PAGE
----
As someone who played softball for 10 years and always enjoyed exercise, the transition to college was rough on my workout routine. I didn’t have the space, comfort or privacy of my makeshift basement gym. For the first time in my life, exercising became a chore that caused more stress than it relieved.
According to the American Psychological Association, “Physical activity can improve brain functions like memory and cognition both immediately after a workout and in the long-term.” For college students, this is a valuable benefit. A sedentary lifestyle can contribute to feelings of stress, anxiety and inability to focus, whereas participating in at least some form of exercise a few days a week could improve those symptoms and even help students perform better in their classes. However, it’s important to note that it’s not necessarily as easy as just deciding to work out.
College is full of commitments, and as most students quickly realize after the first semester of freshman year, they tend to pile up on each other. Between classes, extracurriculars, and social events, prioritizing one’s physical health becomes increasingly difficult. Fitting exercise into such a busy schedule is a struggle, especially with the pressure to achieve consistency. A common misconception about exercise is that without rigorous consistency, working out is relatively unproductive.
One study referenced by Healthline found that roughly 73% of people who make a resolution to start an exercise routine give up before achieving their goals. People feel pressured to achieve a high level of success in exercise that is incredibly difficult to sustain, especially when starting from an inactive lifestyle and setting an impossible goal. Burning out on exercise is easy when you set yourself up for failure from the start. So how do students start exercising in a way that becomes productive and beneficial, without making it just another task thrown onto the pile?
First, it’s most important not to set an unreasonable goal. Unlike the unforgiving nature of grades, exercising should never feel unsuccessful. There is no “one” way of how to properly work out, and if all you can fit into your day is 10 minutes of jumping rope, that’s a win. Exercising should feel like a fun break from regular stressors, not another thing to feel bad about not accomplishing in the way you originally planned to. Missing a workout because of sickness, schoolwork, or a coffee date is not a cause of punishment or regret. Exercise is productive if it makes you feel better, so trying to fit it in out of guilt is not worth it when you could just fit it in at a less busy time.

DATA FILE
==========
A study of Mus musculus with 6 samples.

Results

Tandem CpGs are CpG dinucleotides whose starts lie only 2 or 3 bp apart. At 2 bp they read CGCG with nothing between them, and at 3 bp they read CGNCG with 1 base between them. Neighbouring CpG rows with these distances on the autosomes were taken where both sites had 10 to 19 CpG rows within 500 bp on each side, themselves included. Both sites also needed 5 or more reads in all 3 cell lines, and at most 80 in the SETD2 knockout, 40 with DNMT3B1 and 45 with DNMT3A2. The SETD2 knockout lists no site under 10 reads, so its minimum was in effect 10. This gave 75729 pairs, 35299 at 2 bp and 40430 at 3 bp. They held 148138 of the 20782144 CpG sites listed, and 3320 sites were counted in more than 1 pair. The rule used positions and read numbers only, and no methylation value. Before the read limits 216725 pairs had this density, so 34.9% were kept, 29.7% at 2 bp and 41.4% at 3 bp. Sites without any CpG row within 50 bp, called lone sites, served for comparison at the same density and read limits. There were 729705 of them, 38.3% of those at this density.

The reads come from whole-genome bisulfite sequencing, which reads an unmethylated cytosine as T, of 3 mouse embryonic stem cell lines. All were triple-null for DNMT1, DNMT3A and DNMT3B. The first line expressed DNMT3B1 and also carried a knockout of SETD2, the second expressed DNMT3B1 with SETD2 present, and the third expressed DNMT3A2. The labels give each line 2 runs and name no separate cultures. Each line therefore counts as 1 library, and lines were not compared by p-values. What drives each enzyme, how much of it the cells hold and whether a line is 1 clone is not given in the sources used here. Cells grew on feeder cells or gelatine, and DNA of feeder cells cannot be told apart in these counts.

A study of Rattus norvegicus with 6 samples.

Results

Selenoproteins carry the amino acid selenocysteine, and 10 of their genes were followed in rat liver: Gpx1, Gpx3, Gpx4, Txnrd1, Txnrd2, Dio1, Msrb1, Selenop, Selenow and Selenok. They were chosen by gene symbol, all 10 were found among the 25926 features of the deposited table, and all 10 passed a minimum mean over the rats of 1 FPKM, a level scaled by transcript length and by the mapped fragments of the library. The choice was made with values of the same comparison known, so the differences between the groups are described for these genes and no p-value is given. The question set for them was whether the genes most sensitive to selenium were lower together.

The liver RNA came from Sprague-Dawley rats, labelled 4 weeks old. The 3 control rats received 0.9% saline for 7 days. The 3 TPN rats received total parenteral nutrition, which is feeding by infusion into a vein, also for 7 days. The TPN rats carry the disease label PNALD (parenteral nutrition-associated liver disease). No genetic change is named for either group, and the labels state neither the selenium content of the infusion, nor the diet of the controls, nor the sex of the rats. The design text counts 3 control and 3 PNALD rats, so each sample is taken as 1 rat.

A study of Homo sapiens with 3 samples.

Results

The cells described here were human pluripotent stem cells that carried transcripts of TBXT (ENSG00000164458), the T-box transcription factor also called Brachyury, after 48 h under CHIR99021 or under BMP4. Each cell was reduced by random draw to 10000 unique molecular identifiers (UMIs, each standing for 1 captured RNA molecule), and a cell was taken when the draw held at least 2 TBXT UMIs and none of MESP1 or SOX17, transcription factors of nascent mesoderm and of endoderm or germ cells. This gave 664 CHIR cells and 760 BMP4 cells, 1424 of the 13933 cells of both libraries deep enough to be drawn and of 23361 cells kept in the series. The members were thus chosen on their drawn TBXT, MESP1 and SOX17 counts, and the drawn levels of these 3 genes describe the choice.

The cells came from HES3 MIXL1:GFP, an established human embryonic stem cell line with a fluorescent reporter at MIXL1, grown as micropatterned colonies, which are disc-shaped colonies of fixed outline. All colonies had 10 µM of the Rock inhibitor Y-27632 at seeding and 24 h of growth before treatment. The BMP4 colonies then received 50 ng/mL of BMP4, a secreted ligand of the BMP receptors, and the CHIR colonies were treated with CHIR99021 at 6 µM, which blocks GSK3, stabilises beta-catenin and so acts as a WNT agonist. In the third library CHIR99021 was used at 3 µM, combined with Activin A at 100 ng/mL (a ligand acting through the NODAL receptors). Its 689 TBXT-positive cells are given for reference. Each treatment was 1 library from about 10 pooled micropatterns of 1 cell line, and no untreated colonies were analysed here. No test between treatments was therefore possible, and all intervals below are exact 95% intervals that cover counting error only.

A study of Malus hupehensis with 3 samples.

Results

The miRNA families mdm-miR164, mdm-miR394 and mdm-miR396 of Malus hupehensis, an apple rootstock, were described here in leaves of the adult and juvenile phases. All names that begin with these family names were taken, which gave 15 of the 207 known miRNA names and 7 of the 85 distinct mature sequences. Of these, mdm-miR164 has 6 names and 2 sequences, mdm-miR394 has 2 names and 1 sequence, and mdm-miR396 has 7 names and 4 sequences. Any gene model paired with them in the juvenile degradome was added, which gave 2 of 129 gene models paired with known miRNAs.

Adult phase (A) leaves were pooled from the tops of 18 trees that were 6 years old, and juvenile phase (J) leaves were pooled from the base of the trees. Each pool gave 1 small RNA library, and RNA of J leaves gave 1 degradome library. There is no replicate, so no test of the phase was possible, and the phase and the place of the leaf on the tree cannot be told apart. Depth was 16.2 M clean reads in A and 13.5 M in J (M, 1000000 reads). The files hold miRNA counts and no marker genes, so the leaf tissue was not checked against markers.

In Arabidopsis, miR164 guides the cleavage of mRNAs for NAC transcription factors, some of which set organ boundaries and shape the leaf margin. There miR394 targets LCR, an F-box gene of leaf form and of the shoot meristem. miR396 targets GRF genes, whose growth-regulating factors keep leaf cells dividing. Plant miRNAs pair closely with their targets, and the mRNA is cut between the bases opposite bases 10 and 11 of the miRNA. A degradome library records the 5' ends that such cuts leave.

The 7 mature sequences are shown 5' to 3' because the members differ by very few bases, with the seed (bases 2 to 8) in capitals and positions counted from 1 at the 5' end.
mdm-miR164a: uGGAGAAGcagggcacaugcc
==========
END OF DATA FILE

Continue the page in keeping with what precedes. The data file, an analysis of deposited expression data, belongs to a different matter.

Which leads to the second most important point: finding a workout that you actually enjoy doing. Some people run, some people lift, some people dance. The types of exercise are practically infinite, and college students tend to have access to many different kinds through recreation centers and student organizations. Many college towns have businesses that offer classes geared toward students specifically and offer special promotions. Whether you enjoy something fast paced, like spin cycling, or slower paced, like yoga, there is no harm in trying every option available if it gets the body moving and the heart working just a little bit harder.
Personally, I set a goal for myself. I signed up for a half-marathon with eight months to prepare. All I wanted to do was finish. So, I took my time training, building my mileage slowly and fitting in my runs whenever I could. I found that running in the morning made me feel more alert in my classes and running at night made me sleep more soundly. I enjoyed exploring campus on my runs, and sometimes my roommate came with me, and we would end up walking and talking our way through the last mile.
When the time came for the half-marathon, I finished last in my age group in almost three hours. Still, in crossing the finish line I accomplished the goal I set out for myself in the beginning, and I felt great. Making running into a hobby, not a competition with myself or with anyone else, helped create a kind of consistency, both by literally running at least three times a week, and mentally, by learning to be less hard on myself and enjoy the runs themselves.